Recent steps by the Biden Administration in supporting recommendations of the Recent Cyber Solarium Commission and Executive Orders on Improving the Nation’s Cybersecurity are a great start to reach what the National Security Telecommunications Advisory Committee (NSTAC) has outlined in a detailed report called Moonshot, a strategy to Make the Internet safe and secure for the functioning of Government and critical services for the American people by 2028” (NSTAC, 2020).  Being resilient and agile has become a national security issue and will require strategic and political changes in the coming decade to include improved means of leadership, acquisition, technology development and defense in depth frameworks (Nakasone & Sulmeyer, 2020). 

The current patchwork legal framework is ill suited to address the cyber security questions that have arisen in this New – Norm and will require legislative oversight and effective policy making (Cordero & Thaw, 2020).  The current Cyber Solarium Commission Report outlines key recommendations that merit further attention by executive and legislative branches:

  • need to establish a Bureau of Cyber Statistics
  • need to establish a Joint Collaborative Environment for sharing and fusing Threat information
  • need to strengthen an integrated Cyber Center within CISA and promote integration with Federal (and International Centers)
  • need to establish a Joint Cyber Planning Cell under CISA
  • need to Direct DoD to conduct Force Structure Assessment of the Cyber Mission Force

Currently the Marine Corps is leading the Department of Defense in a Zero Base Review (ZBR) of their workforce, as described in FY20 NDAA §1652 tasks DoD components to conduct a ZBR of the cyber workforce (DoDM 8140). The Marine Corps is working with the RAND corporation to better understand how best to integrate their Force structure, as described in the recent Force Design 2030 considerations outlined by the Commandant of the Marine Corps and the Network Modernization Plan outlined by Deputy Commandant Information.  This systematic review of structure and the information environment will be required of all DoD and Federal Agencies as well as industry partners with the development of these new Biden Administration regulations soon to be planned for future cyber contracts and operations. However, the Marine Corps is leading the way with their focus on strategic agility and resiliency in moving the information environment to meet these new normal demands and challenges.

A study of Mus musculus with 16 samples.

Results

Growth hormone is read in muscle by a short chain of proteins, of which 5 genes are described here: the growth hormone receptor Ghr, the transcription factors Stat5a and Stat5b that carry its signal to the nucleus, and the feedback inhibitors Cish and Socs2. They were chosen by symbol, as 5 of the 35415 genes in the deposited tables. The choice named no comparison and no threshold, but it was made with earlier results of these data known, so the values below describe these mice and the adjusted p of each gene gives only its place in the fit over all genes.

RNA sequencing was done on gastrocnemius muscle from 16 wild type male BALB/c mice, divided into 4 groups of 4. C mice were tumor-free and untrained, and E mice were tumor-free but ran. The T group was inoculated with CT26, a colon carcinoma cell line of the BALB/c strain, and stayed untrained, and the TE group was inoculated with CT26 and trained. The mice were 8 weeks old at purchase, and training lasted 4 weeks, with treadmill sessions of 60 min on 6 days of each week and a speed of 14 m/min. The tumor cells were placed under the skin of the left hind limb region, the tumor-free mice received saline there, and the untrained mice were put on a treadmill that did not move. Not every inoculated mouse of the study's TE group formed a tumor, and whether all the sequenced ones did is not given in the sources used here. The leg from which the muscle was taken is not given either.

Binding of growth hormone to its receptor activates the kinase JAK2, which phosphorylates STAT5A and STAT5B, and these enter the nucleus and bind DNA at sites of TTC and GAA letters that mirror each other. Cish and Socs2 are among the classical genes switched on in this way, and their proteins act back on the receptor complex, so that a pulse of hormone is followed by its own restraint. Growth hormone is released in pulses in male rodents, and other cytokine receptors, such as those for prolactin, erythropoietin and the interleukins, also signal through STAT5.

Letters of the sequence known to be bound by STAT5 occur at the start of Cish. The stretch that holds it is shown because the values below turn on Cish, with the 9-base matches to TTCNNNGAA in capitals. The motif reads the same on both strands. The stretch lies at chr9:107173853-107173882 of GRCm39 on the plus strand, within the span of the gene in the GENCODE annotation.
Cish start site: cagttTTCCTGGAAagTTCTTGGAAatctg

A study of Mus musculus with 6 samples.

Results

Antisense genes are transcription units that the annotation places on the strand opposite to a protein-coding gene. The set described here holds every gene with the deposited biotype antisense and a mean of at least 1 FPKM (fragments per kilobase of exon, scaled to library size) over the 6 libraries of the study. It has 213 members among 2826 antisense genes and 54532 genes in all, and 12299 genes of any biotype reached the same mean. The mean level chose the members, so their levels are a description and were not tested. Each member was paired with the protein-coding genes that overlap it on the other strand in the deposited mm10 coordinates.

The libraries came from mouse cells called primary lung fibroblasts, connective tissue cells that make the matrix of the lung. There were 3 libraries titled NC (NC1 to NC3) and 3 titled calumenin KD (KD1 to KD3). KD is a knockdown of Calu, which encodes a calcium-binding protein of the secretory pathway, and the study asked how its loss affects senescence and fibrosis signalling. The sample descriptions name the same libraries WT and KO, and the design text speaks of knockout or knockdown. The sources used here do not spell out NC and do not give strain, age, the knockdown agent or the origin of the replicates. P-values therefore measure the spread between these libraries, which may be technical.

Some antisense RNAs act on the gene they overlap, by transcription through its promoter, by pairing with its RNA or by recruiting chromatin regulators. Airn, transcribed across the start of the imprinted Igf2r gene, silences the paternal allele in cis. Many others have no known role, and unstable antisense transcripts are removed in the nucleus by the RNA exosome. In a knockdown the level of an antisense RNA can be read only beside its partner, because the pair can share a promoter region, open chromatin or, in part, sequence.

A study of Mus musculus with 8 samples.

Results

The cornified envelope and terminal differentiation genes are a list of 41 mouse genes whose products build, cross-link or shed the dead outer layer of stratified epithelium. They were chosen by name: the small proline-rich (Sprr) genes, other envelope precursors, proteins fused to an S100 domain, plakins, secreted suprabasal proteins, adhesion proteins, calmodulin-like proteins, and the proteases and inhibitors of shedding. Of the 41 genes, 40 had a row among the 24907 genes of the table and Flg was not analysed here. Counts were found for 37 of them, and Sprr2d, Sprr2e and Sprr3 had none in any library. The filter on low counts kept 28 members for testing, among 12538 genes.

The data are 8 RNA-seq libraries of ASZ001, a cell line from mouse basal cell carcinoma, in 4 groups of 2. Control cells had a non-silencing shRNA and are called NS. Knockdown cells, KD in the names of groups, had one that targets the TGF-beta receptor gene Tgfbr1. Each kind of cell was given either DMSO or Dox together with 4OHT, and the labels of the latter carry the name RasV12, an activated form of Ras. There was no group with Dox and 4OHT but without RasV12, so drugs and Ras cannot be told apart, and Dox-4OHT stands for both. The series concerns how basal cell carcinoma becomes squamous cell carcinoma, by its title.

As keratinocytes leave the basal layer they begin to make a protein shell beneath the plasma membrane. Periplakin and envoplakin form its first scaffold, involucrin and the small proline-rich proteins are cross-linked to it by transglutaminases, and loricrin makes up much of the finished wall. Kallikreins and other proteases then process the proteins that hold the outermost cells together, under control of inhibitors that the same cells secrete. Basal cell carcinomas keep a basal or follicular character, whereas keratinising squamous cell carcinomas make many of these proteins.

This review commenced around the 2019 timeframe and continues today with a focus on doctrinal changes in way of thinking as described in recent Marine Corps Doctrinal Publications (MCDP) on Learning and Competition and described strategic plans (Force Design 2030 & Net Mod Plan). Additionally, the Marine Corps continues work on maturing their network governance, service management and portfolio approach to IT investments by better understanding of enterprise risks, opportunities and threats while optimizing resources in support of application and cloud modernization. Additionally, the Marine Corps has established an enterprise Command & Control (C2) construct for their cyber force implementing industry approach to agile and IT service management (ITSM) while modernizing IT Acquisition Framework under a Naval construct.  Figure 1 aligns the thinking applied to how the Marine Corp’s focus to this strategic alignment to a new normal will integrate these methods and means of governance, enterprise risk and a whole new way of systems thinking to its design with the principles outlined in Agile (GAO-20-590G) and good old fashion Marine Corps leadership and tenacity (MCDP-7).

Figure 1 – New Normal Construct

Finally, technologies like Zero Trust, IPv6 and mobility will change the continuous monitoring of the network, so cyber professional can focus more on data and services that include Artificial Intelligence- Machine Learning (AI/ML), security analytics, continuous diagnostics to help improve user entity and behavioral factors to ensure ubiquitous access and information protection.  The synthesis of these initiatives and concepts will be critical to developing policy and strategy that supports the outcomes that will set the “new-normal” for success in the cyber domain; in an era of greater peer competition and exponential changes in maintaining democracy and governance in the internet. Making the right choices, adopting the right technologies and smartly integrating these aspects in an effective and agile manner has never been more critical than ever before.